Biological drugs have rapidly become an important therapeutic modality in the last decade because of their100% bioavailability, high potency, high specificity, and desirable safety profile. From a global point of view, more than half of the current top 20 blockbuster drugs are biopharmaceuticals (Sagonowsky, 2021). The success of protein, peptide, and antibody-based therapies is evident—the biopharmaceuticals market is predicted to reach $388 billion by 2024 (Liang et al., 2020). Protein and peptide-based drugs are now widely used as the first-line treatments for a wide range of diseases, such as type I diabetes, rheumatoid arthritis, specific cancers, and hemophilia (Kirkby et al., 2020). Due to most biopharmaceuticals are peptide and protein-based, which leads to poor oral bioavailability, the intravenous route is still the main strategy for drug delivery. Unfortunately, the injection pain may translate to reluctance for the patients to choose biopharmaceuticals. In a more severe situation, repeated administration may lead to phlebitis, tissue necrosis, and toxic adverse effects.

            Researchers have been exploring various non-invasive strategies for protein drug delivery, and the microneedle (MN) patches are one of the options. The patch has multiple micro-projections assembled on one side of a supporting base, and the projection height can be between 25 to 900 μm. The micro-projections can painlessly penetrate the stratum corneum (outermost layer of the skin) and facilitate transdermal drug delivery by creating temporary microscopic aqueous channels (Kirkby et al., 2020). While making the medicine application process less painful, the MN patches are also favored by the pharmaceutical manufacturers, as of their low cost in bulk production and long-term safety.

            The concept of MN was first brought up by Gerstel and Place in 1971. It was later practically realized in 1998 due to the lack of advancement in microfabrication techniques. Today, MN technology has developed further, and they are traditionally placed in five different categories: solid, coated, hollow, dissolving, and hydrogel-forming, as in Figure 1 (Kirkby et al., 2020).

Fig.1 Representation of skin MN application transdermal drug delivery. *stratum corneum,**epidermis.(A) Solid MN that is applied and removed, followed by application of the formulation. (B) Solid MN is coated with drugs for instant delivery. (C) The drug is mixed with soluble MNs that dissolve in interstitial fluid. (D) Hollow MNs puncture the skin, after which liquid drug can be actively infused. (E) Hydrogel-forming MNs withdraw skin interstitial fluid upon skin punctuation. This induces drug diffusion through the swollen micro-projections.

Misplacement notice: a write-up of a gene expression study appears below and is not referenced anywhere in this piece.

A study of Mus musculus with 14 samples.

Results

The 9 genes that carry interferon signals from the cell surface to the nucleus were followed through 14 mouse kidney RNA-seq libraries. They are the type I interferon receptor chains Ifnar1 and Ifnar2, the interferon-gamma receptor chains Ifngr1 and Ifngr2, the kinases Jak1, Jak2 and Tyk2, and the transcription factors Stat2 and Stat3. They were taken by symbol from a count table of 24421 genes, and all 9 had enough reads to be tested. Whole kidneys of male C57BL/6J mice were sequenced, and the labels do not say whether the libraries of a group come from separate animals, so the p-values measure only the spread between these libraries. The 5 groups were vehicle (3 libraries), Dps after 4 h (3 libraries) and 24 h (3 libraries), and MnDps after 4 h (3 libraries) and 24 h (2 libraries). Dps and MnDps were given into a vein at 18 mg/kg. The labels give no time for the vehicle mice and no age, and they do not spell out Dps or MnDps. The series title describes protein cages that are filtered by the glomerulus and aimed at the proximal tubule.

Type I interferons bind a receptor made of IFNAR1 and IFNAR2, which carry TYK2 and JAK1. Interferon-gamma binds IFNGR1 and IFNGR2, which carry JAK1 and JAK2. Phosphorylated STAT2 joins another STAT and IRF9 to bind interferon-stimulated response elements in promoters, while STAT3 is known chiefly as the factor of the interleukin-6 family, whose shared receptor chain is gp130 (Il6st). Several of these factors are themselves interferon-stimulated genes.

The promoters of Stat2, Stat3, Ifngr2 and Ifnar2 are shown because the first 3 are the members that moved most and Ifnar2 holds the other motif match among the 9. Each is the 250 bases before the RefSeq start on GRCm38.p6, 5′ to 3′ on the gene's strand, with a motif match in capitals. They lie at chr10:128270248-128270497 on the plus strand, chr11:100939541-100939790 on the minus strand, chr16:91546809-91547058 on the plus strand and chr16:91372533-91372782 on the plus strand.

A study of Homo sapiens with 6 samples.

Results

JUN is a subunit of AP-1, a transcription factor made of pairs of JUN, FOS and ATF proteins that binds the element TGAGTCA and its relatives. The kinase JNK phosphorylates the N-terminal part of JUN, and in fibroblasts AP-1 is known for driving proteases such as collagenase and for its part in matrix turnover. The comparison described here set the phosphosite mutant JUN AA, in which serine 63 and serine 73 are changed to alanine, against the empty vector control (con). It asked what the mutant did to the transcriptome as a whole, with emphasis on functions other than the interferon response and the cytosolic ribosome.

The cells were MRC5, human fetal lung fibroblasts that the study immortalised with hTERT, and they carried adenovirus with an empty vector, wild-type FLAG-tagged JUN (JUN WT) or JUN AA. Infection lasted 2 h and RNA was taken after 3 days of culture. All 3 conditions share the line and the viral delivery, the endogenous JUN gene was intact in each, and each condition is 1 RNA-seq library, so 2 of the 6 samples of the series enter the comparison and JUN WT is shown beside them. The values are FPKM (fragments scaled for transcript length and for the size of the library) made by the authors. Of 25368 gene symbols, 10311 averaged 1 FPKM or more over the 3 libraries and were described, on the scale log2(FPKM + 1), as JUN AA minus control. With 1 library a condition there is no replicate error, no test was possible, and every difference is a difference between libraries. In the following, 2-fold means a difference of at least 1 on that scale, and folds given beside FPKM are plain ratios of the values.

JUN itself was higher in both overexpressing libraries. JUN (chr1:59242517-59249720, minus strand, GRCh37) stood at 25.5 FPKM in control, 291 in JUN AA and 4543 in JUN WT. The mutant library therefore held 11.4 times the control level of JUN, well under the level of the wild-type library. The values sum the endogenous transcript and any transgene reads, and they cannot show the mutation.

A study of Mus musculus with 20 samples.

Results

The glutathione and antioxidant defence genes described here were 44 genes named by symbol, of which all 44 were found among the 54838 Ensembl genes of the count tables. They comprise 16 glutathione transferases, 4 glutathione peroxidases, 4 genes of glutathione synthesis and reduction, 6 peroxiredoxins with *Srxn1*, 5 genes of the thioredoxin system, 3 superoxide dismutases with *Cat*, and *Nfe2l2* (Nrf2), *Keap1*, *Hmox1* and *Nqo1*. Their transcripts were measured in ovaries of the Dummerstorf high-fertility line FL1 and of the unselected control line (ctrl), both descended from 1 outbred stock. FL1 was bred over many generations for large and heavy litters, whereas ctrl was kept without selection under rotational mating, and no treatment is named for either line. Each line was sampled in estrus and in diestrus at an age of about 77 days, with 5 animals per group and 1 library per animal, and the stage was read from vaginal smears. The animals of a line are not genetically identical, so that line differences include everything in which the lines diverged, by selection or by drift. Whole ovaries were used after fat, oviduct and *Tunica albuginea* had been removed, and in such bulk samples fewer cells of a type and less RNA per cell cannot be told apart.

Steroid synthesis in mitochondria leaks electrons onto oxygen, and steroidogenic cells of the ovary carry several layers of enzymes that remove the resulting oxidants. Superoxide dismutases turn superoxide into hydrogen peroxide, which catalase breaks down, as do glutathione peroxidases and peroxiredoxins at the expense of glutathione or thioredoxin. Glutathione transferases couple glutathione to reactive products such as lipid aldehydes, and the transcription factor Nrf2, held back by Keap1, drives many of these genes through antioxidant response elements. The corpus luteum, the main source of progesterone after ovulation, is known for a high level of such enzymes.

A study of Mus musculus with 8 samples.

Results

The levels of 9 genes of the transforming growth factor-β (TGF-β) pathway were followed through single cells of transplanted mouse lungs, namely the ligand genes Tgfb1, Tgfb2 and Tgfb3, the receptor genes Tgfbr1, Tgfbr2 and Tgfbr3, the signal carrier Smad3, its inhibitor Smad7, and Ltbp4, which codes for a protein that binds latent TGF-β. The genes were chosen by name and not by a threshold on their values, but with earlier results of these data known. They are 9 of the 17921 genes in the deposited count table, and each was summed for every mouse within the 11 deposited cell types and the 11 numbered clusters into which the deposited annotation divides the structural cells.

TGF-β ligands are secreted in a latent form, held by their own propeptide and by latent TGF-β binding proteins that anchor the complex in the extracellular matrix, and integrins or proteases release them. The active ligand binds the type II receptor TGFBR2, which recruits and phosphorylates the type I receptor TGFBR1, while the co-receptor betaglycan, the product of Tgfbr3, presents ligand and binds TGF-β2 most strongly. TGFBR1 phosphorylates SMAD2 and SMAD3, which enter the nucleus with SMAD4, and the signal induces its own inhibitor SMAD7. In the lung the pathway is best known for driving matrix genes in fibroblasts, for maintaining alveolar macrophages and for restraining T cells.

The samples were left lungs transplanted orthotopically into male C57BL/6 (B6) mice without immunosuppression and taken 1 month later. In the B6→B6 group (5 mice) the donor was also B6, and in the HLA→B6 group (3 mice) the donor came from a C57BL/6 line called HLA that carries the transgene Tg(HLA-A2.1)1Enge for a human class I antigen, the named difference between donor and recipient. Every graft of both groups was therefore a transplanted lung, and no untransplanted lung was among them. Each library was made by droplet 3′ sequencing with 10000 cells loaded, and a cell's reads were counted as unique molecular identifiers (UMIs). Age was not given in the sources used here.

The advantages of MNs over traditional routes of drug delivery (intramuscular injection, oral intake) are apparent, and MNs are highly likely to be used as a drug delivery strategy in the next decade. The use of MNs could vastly improve the quality of life for patients, improve public health, and increase the economic productivity of developing countries. For the future success of MNs, the long-term safety validation, methods of manufacture, and their ability to comply with standardized GMP guidelines should be fully studied. Furthermore, marketing strategies will also be vital in achieving maximum market share relative to existing and widely accepted conventional delivery systems. In the meantime, academia and industry must work together to address concerns and thereby push MN technology into the clinic, where its potential can be truly realized.

Reference list:

Liang, W., Pan, H. W., Vllasaliu, D., & Lam, J. K. (2020). Pulmonary delivery of biological drugs.     Pharmaceutics, 12(11), 1025.

Sagonowsky, E.(2021).    sales

Bajracharya, R., Song, J. G., Back, S. Y., & Han, H. K. (2019). Recent advancements in non-invasive formulations for protein drug delivery. Computational and structural biotechnology journal, 17, 1290-1308.

Kirkby, M., Hutton, A. R., & Donnelly, R. F. (2020). Microneedle mediated transdermal delivery of protein, peptide, and antibody-based therapeutics: current status and future considerations. Pharmaceutical Research, 37, 1-18.